I've been stewing for a few weeks on the leadership efforts displayed by that of the U.S. Ryder Cup captain, Paul Azinger, admiring both his dedication and courage to set up the underdog team for a win.
For two years, he worked diligently on both the strategy and setting the vision. The strategy included getting what he felt was an antiquated selection process fixed so that the players who were playing their best going into the Ryder Cup actually got to play. In addition, he was able to negotiate 4 captain's picks instead of just 2. That helped him to feel like he could implement a truly winning lineup because, at the end of the day, a win can only be achieved if the guys were playing well leading up to the event.
He also set up a vision which, interestingly, wasn't so much about winning at all. He wanted simply to utilize the Ryder Cup as an opportunity for as many people as possible to have an experience they would never forget, win or lose. He even made sure he had 3 co-captains, people he knew he could trust and people who had had his back in the past when he needed them. Faldo said he didn't want more than one, that he himself wanted to maintain a pulse on the tournament. But you have to admire Azinger for realizing that having a small core team around him would not only give those guys the experience of a lifetime, a small thank you for their previous service to him, but would also help to relieve the intense pressure and tension that an event of that magnitude ensues.
Whether you're an avid golfer or have tooled around a bit or even have never picked up a club in your life, Azinger certainly shows us some leadership lessons that we can apply to our business, our clients' businesses and our life.
1. Make a thorough evaluation of the current situation, what has worked and what hasn't. Azinger met with all the past U.S. Ryder Cup captains to get their input, but in the end he made his own analysis and conclusions.
2. Push for change. If your analysis reveals to you that the process needs to be improved then, by all means, do what you have to do to make those changes happen. Azinger had to stand up for what he believed in, he made specific recommendations on what needed to be changed to improve the selection process, and got agreement by the golfing gods. No small feat.
3. Set a vision that people can embrace. And champion the cause. Companies often fail maintaining a vision because either their vision is only about making money or they forget to rally their people around the common bond. Azinger did a great job of creating a vision that was about creating the experience of a lifetime and he grounded his vision in plans that supported it, even with a PEP rally, t-shirts printed with the "13th man,"-- a phrase he coined for the Kentucky crowd, and making sure the details supported his vision. I believe a vision like this took pressure off the team because they knew that if they had a great experience they were winners to matter the final outcome.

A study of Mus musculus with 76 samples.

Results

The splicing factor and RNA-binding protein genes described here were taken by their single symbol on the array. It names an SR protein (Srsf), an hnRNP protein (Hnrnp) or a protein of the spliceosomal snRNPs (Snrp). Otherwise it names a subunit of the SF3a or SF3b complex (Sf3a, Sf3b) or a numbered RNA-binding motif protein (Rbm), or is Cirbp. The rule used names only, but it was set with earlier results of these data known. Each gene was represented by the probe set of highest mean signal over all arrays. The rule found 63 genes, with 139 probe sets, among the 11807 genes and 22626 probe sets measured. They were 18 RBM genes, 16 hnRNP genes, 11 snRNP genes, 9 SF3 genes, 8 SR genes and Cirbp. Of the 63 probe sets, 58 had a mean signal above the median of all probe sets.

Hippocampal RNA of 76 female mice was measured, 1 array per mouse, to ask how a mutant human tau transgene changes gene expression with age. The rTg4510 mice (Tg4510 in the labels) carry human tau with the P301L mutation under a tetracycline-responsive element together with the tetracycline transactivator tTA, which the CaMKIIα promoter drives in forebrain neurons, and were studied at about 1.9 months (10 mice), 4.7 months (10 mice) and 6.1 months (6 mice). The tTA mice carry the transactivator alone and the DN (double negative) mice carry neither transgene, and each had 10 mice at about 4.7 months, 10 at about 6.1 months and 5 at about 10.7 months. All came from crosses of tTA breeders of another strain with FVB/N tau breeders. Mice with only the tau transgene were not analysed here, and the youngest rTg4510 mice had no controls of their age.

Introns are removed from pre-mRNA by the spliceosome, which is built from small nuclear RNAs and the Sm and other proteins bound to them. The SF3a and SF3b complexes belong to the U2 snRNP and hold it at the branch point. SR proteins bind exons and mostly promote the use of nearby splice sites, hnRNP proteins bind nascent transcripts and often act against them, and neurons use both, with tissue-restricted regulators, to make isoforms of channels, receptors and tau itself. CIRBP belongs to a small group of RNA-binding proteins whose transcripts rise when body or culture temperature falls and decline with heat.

4. Let the team members be themselves. What I liked about Azinger's style was that he seemed to allow each team member to flourish in their own space. Professional golfers certainly are akin to this more individual sport so allowing their strong personalities, their playing preferences and their individual strengths to shine through was key to the success of the overall team.
5. Allow what's going to happen, happen. Game day is not the time to micro-manage. Azinger had a lot of trust in his team and his co-captains, he believed in the strategy and vision that he cast, and when it came for the guys to tee it up, he had to "let go and let God" so-to-speak. He had to let it ride. This is probably the most difficult thing for a leader to do -- to gently stand back. To coach and not direct. To reassure and not be disappointed when things don't go your way. To continually motivate and pump up both the players and the crowd or audience.
6. Celebrate with your team and extended team. I fully believe that Azinger planned to celebrate fully even if they lost. Because his vision of creating a highly memorable experience would have been fulfilled. And the team would not have walked away with heavy heads in defeat. The fact that they could celebrate with such a patriotic win just made the end sweet -- a win that they could share with their family, friends and the rest of the nation especially at a time that the nation -- and the world for that matter -- is in economic turmoil.
There has never been a time in recent history in which influential leadership is as important as it is right now. Whether you're running a department, a division, a company or a nation, it is imperative to be an effective leader who can cast the right vision, who can implement strategy and change for the better, and who can encourage greatness in the people he or she leads.